Saints captain Adam Lallana is at the centre of a row over a sports pitch he has built in his garden.

The Southampton midfielder, who is currently in Miami as part of England’s World Cup squad, who take on Ecuador in a friendly tomorrow night, has been told to either make alterations to the multi-use games area at his home on the Hampshire and Dorset border or submit a retrospective planning application.

The development has sparked complaints from Adam’s neighbours, who are concerned about the prospect of noisy football and basketball matches.

Adam, who is at the centre of a £25m bid from Liverpool over the weekend, submitted a planning application in December seeking retrospective permission for a children’s wooden play area in his garden.

In this application his planning agent said he also planned a “small Astro Turf pitch” which would meet the criteria of permitted development.

His neighbour Brian Riley, who has lived with his wife Constance at their Avon Castle home, near Ringwood, for more than 20 years, said: “We understand kids need somewhere to play and we have no problem with that.

“But then we saw builders and welders arrive on site and we couldn’t work out what was going on. We saw this sports pitch being built and we just couldn’t believe it.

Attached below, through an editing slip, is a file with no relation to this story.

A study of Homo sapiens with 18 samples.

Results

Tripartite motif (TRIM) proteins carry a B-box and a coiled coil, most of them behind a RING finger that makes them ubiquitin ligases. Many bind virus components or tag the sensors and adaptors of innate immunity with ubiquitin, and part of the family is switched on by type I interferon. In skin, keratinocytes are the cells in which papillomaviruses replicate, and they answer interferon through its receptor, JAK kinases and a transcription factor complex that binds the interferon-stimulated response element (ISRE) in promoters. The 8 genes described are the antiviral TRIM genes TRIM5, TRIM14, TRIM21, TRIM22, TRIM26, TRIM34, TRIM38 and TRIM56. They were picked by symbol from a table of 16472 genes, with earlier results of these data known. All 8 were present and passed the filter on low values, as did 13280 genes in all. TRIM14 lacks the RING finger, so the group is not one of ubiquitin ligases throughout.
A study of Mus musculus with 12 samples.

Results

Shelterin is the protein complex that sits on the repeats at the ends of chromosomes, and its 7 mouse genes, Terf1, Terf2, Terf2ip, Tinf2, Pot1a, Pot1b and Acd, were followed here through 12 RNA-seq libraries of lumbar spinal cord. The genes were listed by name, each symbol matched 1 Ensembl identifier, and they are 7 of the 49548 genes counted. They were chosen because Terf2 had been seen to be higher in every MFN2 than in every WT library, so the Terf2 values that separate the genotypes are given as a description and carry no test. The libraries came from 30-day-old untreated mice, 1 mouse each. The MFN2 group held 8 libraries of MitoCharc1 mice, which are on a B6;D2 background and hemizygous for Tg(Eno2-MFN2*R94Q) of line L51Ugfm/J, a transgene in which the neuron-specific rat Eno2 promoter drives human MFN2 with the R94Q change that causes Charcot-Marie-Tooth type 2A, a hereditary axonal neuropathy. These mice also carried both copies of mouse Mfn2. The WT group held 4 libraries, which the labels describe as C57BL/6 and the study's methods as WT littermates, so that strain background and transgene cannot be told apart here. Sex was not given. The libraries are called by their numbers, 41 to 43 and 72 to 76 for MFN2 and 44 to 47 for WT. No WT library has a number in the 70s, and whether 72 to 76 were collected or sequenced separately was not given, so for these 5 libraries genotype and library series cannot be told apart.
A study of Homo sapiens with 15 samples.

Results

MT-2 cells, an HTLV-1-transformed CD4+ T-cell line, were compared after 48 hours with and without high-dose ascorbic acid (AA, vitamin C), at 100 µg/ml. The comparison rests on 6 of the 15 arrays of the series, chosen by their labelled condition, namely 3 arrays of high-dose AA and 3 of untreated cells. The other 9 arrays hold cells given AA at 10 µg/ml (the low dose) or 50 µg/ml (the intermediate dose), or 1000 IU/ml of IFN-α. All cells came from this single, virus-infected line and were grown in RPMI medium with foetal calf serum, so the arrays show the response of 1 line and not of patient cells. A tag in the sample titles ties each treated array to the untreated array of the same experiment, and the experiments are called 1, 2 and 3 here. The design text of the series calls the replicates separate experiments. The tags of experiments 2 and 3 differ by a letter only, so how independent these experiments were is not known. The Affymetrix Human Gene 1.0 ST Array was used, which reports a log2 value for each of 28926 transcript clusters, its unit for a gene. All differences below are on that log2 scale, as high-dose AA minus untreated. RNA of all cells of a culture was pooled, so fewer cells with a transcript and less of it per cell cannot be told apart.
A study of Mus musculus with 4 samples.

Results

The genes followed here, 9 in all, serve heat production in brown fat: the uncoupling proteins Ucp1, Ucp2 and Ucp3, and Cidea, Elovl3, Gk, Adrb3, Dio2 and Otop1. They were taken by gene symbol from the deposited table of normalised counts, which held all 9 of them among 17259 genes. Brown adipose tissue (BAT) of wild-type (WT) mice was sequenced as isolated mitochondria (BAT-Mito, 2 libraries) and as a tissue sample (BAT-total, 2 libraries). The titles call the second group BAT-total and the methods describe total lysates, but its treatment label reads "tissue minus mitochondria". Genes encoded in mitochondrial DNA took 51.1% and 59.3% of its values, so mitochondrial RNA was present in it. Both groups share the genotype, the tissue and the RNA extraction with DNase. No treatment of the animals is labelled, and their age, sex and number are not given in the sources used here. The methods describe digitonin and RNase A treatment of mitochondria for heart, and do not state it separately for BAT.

“The enforcement officer told us it was more in-keeping with a council play park than a garden in a Special Character Area.

“He was given 28 days to submit a planning application but that deadline has gone, he’s done nothing and the council haven’t taken any further action.”

Giles Moir, from East Dorset District Council, said: “Every applicant is dealt with in the same way. Our team have been in contact with the agent for this development throughout the investigation process and we anticipate an application for the area very soon.”

Star’s apology to neighbours

MIKE Hirsh, planning consultant at Intelligent Land, is acting for the footballer.

He said: “The area of hard standing to be used as a knock-about pitch in the garden has been agreed by East Dorset District Council as ‘permitted development’ and does not need planning permission.

“The majority of the fencing around the hard standing is two metres or less in height and also does not need planning permission. Over the small goal areas at each end of the playing surface the fencing has been raised to support a basketball hoop. Technically that part needs planning permission as it is more than two metres in height.

“My client went around to the neighbour the day after the enforcement officer’s unexpected visit to his home, and apologised for causing the problem and has instructed a landscape architect to prepare a scheme to mitigate the visual impact of the hoop and the associated structure.”

He said a retrospective planning application would be submitted.